January 27th, 2010 5:33 pm | by BETH SLOVIC News | Posted In: CLEAN UP, City Hall

Major League Soccer Gets Four Votes

The final financial deal is not without some risk to the City of Portland's general fund, but this afternoon Mayor Sam Adams and three city commissioners said they would support the terms of the renovation project at PGE Park for Major League Soccer.

Adams and Commissioners Randy Leonard, Nick Fish and Dan Saltzman have all said they'll vote "yes" next week when the $31 million project goes before them for a vote, which nearly brings to an end this 18-month saga. (Or, at least, the soccer part of that saga; the Portland Beavers remain homeless after the 2010 season.)

During the lengthy council discussion this afternoon, City of Portland representatives said:

• Timbers owner Merritt Paulson is still working with Providence Health Services to finalize their deal on the operation of the new sports medicine clinic at the stadium. Once that's finished, it will go before City Council at a later date. But, as it stands now, all the costs of that clinic will be shared by Paulson and Providence.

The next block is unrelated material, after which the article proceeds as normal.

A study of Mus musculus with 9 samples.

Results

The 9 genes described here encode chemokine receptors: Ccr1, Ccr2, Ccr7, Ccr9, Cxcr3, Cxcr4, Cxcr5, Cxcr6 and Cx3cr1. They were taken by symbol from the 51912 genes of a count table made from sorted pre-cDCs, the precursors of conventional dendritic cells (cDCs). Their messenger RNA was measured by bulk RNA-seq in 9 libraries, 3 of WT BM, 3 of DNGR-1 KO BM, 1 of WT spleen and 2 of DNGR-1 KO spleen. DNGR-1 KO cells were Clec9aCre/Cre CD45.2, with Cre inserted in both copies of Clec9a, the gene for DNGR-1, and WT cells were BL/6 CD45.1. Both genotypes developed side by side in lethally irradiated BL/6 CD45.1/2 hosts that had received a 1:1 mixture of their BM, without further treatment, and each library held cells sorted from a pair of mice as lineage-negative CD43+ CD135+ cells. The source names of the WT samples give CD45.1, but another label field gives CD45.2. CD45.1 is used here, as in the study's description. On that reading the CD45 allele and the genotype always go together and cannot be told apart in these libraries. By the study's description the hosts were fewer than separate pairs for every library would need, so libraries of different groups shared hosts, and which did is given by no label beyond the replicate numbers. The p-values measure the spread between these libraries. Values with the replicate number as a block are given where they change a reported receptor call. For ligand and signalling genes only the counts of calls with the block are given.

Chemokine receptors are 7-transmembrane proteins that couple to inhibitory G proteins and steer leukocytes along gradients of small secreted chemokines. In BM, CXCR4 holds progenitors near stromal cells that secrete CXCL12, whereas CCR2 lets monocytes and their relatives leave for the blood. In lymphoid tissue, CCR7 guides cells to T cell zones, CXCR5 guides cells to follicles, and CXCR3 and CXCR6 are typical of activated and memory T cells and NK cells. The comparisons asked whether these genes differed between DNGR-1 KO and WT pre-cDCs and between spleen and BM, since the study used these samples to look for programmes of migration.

• Paulson has accepted a completion agreement, meaning he won't leave the project unfinished even in the event of something disastrous, like the bankruptcy of a contractor.

• Portland will maintain some control over the naming rights of the stadium but will not get any of the money. "Peregrine shall collect and retain all revenues from whatever source, including but not limited to, Ticket Revenue, and from Naming Rights and Stadium Agreements," the new deal says. "The Stadium Naming Rights may be conveyed to a business (but not an individual or political entity), but may not be to a business associated with or that connotes: tobacco products, gun manufacturers or businesses whose primary business is selling guns, gambling, gambling facilities or sexual products. The Stadium Naming Rights may be conveyed to a business associated with or connoting alcohol products, but only with the prior approval of the City in its sole discretion. The name may include the name of a state, but not the name of a city of more than 1,000 residents in Oregon or Washington, except for the name Portland."

The documents are all currently at the bottom of this agenda, although the links tend to disappear by the end of the week.